By Ramsey Cox
The Hill

Senate Majority Leader Harry Reid (D-Nev.) on Thursday said it is likely too late for Congress to pull the nation back from the “fiscal cliff.”

Speaking on the Senate floor, Reid castigated Speaker John Boehner (R-Ohio) for sending members of the House back to their districts last week after he was forced to scrap his “Plan B” tax plan for lack of support.

The Democratic leader said that even if Boehner agreed to hold a vote extending the Bush tax rates for incomes up to $250,000 — as Democrats have demanded to avoid one part of the fiscal cliff — it might not make it through Congress in time to prevent tax increases from beginning next year.

 

“I have to be honest — I don’t know, time-wise, how it can happen now,” Reid said.

Boehner said last week that he would give members of the House 48 hours notice if they needed to return for a vote on fiscal matters, but GOP leaders have yet to give the order for them to return.

“[Boehner] should call them back today — he shouldn’t have let them go, in fact,” Reid said.

Senators arrived back at the Capitol on Thursday with time running out to reach an agreement on a slew of tax increases and automatic spending cuts that are set to begin in January.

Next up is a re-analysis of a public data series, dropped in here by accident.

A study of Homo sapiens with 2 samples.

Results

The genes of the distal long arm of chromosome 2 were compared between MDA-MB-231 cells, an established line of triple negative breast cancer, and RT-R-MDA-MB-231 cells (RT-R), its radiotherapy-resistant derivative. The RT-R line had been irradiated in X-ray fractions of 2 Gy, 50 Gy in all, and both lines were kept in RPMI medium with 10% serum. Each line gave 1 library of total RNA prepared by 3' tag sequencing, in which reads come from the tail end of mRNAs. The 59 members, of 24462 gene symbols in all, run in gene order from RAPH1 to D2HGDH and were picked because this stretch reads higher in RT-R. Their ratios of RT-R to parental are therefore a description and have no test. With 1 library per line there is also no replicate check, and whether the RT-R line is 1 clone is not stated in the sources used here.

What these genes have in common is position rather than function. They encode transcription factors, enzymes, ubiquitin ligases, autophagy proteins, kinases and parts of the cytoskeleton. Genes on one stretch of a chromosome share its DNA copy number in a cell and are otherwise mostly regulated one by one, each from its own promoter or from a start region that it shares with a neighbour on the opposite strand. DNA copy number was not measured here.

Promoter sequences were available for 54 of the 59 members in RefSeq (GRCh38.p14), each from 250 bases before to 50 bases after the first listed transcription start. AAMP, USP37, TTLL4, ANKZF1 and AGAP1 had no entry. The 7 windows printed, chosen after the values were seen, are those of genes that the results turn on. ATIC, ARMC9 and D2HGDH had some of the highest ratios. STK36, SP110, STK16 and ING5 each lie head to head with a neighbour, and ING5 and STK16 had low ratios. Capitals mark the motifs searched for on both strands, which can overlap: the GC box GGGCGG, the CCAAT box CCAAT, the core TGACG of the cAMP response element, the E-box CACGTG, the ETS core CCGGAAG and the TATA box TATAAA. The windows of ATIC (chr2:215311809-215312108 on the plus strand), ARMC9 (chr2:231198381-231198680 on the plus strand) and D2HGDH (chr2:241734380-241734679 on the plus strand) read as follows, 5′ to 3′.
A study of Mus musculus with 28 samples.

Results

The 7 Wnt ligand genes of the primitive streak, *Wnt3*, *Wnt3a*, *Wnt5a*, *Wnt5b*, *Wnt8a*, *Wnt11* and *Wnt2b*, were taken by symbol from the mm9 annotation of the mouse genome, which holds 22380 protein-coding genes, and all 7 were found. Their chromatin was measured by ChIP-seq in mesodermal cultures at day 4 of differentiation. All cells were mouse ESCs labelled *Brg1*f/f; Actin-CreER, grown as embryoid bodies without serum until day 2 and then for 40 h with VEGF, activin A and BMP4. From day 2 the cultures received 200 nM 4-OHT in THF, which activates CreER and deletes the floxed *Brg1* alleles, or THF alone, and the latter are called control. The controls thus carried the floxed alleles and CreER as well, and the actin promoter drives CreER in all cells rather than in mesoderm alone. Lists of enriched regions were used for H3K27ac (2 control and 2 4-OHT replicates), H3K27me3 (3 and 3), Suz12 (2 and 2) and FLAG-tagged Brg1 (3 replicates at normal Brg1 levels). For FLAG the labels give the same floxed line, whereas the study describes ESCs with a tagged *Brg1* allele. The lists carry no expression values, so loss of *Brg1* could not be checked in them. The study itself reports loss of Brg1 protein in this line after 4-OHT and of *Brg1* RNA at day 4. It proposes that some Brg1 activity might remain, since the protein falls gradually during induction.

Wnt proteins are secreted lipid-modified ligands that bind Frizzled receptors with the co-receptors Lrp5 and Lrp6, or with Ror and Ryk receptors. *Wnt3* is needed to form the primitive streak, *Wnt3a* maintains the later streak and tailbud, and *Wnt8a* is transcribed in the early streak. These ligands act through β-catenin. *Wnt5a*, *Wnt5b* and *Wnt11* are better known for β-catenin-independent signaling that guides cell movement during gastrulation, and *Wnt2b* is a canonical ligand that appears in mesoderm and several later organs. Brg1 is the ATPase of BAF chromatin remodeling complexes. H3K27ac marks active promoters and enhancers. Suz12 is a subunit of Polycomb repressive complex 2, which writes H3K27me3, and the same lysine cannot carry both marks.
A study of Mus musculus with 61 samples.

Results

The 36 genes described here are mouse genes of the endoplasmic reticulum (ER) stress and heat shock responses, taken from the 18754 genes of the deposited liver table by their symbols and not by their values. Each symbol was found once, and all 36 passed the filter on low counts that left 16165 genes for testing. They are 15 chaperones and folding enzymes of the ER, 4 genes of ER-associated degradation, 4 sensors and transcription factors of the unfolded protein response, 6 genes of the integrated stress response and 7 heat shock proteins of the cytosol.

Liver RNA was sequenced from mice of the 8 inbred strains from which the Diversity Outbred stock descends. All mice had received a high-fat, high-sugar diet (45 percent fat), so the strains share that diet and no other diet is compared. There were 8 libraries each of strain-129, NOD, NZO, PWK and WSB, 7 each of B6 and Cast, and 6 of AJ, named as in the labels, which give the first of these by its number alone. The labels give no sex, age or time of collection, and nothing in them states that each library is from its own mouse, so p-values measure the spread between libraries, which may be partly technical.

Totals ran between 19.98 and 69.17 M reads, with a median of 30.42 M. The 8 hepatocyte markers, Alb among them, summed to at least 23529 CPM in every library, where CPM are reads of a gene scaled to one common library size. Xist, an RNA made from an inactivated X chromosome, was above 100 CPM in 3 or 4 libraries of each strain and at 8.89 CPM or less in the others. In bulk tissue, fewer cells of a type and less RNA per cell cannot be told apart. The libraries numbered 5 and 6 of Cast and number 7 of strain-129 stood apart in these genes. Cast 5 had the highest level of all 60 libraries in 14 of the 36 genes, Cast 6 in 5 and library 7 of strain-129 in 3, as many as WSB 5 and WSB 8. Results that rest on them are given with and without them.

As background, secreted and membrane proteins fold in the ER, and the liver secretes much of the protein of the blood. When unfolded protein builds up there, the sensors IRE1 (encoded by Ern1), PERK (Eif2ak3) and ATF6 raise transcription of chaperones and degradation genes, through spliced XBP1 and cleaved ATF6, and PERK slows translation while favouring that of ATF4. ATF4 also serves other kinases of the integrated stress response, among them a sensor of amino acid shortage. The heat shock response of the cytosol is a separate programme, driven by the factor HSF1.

Boehner last week said it was up to President Obama and Senate Democrats to find a solution to the fiscal cliff, and on Wednesday reiterated that the upper chamber must act first.

 


fiscal cliff

The clock is ticking to stop tax hikes and spending cuts threatening your wallet.

By: WSPA Staff, Associated Press, CBS News | WSPA-TV

WASHINGTON –

 

Local impact of fiscal cliff talks

The clock is ticking to stop tax hikes and spending cuts threatening your wallet.

President Obama is back inWashingtontrying to hammer out a last-minute deal to avoid the so-called ‘fiscal cliff’.

If a plan isn’t approved by Jan. 1, economists say it could be a rough fall for the average family.

“If we revert back to Clinton-era tax rates, anyone who is paying income taxes will see their rates going up,” said Tom Smythe, a business professor atFurmanUniversity.

So how will the fiscal cliff impact you?

A household making $50,000 annually will see their income taxes increase $1,000 to $1,500 per year, according to Smythe.

But that’s not all.  The payroll tax extension is also set to expire.  It funds social security, and that means another tax hike of $1,000 per year for the average family.

“In total, if nothing happens, people with incomes of $50,000 will see their taxes rise on the order of about $2,000 to $2,500,” Smythe said.

7 On Your Side caught up with U.S. Senator Lindsey Graham Thursday before he left forWashingtonto get his take on the impending fiscal cliff.

“If we can’t find a fix from now until January, whatever we do will be retroactive for middle class tax payers,” said Sen. Graham.

Economists believe the fiscal cliff could even cost people their jobs.

For example, Smythe says if a deal isn’t reached, the Department of Defense will lose a big chunk of its budget.  The DOD has contracts with various companies, including Lockheed Martin which has a facility inGreenvilleCounty.

“It is a hidden cost of the political process right now,” says Smythe.  “Most companies have stockpiled lots and lots of cash on their balance sheets very specifically because they don’t know what the financial landscape is going to look like post Jan. 1.  Until that gets resolved, companies are going to hold back cash.”